The graduate factory (pay at the door)

By Sean Healy

University was supposed to be a sanctuary of ideas and debate, a "community of scholars" adding to the pool of society's knowledge and enlightenment. But today's universities are factories, churning out graduates. They're an "industry" like any other, based on selling and marketing a product.

The negative impact of this on both the quality of education and the lives of students (the raw material in this factory) is drastic, and getting worse. And the trend is for the cost of this process to be borne more and more by the individual student.

The process of "user pays" began under the last Labor government, which in 1985 introduced the first charges for overseas students. This was followed, in rapid succession, by the first fee (an "administration charge") for undergraduate students, the introduction of the graduate tax (Higher Education Contribution Scheme — HECS), major cuts to and restructuring of Austudy and full fees for postgraduate degrees.

In 1996, when the Coalition won government, this trend went even further. In its first budget, in May 1996, the Coalition announced a $640 million funding cut to higher education, 5% of the total higher education budget. This reduced the government's contribution to higher education funding from 90% in the 1970s to 58% (with a target of 50%). The balance comes from fees and other sources.

The government also allowed universities for the first time to charge up-front fees for undergraduate degrees.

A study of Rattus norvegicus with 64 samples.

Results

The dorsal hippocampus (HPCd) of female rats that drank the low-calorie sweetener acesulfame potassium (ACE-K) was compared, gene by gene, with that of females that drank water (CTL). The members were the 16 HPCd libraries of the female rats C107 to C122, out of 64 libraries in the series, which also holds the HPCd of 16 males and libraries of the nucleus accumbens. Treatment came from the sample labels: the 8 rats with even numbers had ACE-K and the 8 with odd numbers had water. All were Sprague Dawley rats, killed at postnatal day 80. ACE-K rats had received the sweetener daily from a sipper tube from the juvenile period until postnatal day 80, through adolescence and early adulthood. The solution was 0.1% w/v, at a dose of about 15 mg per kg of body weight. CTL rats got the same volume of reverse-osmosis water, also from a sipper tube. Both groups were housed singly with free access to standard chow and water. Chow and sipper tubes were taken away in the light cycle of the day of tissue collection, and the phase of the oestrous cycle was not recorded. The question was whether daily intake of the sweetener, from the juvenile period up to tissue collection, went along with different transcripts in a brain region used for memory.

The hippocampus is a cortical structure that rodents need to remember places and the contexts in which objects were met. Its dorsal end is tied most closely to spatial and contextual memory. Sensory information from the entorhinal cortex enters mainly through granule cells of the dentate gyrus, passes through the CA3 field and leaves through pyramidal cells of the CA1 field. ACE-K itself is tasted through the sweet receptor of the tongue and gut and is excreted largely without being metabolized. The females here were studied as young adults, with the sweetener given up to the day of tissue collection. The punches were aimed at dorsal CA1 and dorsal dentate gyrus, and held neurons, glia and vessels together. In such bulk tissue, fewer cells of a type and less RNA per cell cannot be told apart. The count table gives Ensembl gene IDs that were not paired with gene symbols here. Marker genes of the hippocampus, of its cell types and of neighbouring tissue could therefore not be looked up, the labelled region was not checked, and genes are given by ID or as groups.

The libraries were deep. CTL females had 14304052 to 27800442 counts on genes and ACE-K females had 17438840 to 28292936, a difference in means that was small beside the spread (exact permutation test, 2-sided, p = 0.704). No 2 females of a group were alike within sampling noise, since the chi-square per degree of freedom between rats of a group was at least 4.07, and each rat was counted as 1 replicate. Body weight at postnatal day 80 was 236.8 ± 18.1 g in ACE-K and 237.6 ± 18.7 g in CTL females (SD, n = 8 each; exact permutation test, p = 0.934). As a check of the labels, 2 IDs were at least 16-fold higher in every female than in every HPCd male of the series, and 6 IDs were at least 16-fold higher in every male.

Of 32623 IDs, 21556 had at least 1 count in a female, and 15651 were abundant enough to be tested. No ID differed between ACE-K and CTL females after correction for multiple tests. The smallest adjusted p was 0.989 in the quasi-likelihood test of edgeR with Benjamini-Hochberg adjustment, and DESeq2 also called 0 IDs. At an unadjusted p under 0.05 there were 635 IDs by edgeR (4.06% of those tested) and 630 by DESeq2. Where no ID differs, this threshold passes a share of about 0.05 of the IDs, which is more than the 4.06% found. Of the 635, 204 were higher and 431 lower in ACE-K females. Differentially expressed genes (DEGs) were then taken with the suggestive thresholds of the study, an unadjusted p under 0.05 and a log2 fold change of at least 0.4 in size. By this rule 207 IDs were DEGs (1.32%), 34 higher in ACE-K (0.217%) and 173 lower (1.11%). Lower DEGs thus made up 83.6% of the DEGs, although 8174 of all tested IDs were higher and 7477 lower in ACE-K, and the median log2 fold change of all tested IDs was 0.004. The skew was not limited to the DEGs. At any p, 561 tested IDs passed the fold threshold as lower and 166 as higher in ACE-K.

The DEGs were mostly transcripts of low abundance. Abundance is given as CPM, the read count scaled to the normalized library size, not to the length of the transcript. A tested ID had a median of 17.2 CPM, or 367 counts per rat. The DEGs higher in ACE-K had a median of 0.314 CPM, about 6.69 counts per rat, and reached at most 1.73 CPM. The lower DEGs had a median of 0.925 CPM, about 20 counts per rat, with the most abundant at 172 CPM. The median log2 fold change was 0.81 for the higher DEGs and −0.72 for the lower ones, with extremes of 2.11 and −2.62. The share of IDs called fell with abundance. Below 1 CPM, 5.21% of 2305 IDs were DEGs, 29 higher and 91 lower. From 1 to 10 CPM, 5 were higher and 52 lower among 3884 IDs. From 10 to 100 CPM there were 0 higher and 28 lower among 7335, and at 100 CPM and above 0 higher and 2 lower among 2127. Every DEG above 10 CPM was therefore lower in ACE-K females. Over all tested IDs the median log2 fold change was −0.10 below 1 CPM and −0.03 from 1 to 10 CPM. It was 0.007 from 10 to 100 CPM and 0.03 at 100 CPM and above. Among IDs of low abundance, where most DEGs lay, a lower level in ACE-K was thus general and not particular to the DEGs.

The Coalition's general policy has been to run higher education according to the laws of the market — to the advantage of the already wealthy universities and to the detriment of everything else.

The cuts to government funding led to enormous changes at campus level. On some campuses, staff were sacked and departments cut (usually those departments deemed least "economically viable").

For example, there were attempts to impose major cuts to the arts faculties at Monash University and the Australian National University, and to close the Sixth School at the Victorian College of the Arts. Increasingly, what is being taught is what can be sold, not what is worthwhile for society.

On other campuses, other services have been targeted, such as the libraries. Fees on internet access and study materials, overdue books and lost student cards have sprouted everywhere.

Access to study materials, even to seats in lecture theatres, is increasingly difficult — in some courses, there are four library copies of the required reading for a course of 100 people. In 1986, the tutor to student ratio was 1:9,

10 years later it was 1:16.

This process has not ended. As yet, fees for undergraduate degrees are not widespread — even those universities which introduced fees did so only for a very small number of places.

The government is determined to enlarge the market for undergraduate fee places so it can cut its own funding commitment even further. Not only are we expected to learn what they force down our throats, they want us to pay for it too.

The government's grand vision is of a higher education sector of "greater diversity" — by which the politicians mean rich, well-resourced universities for the elite and poor, under-funded and overcrowded universities for the rest of us. They look forward to universities which are more "responsive to the needs of the community" (i.e., more tailored to the needs of big business) and more "competitive" (run like real estate or used car businesses).

The gap between the government's "vision" for higher education and the needs and wants of students has never been greater.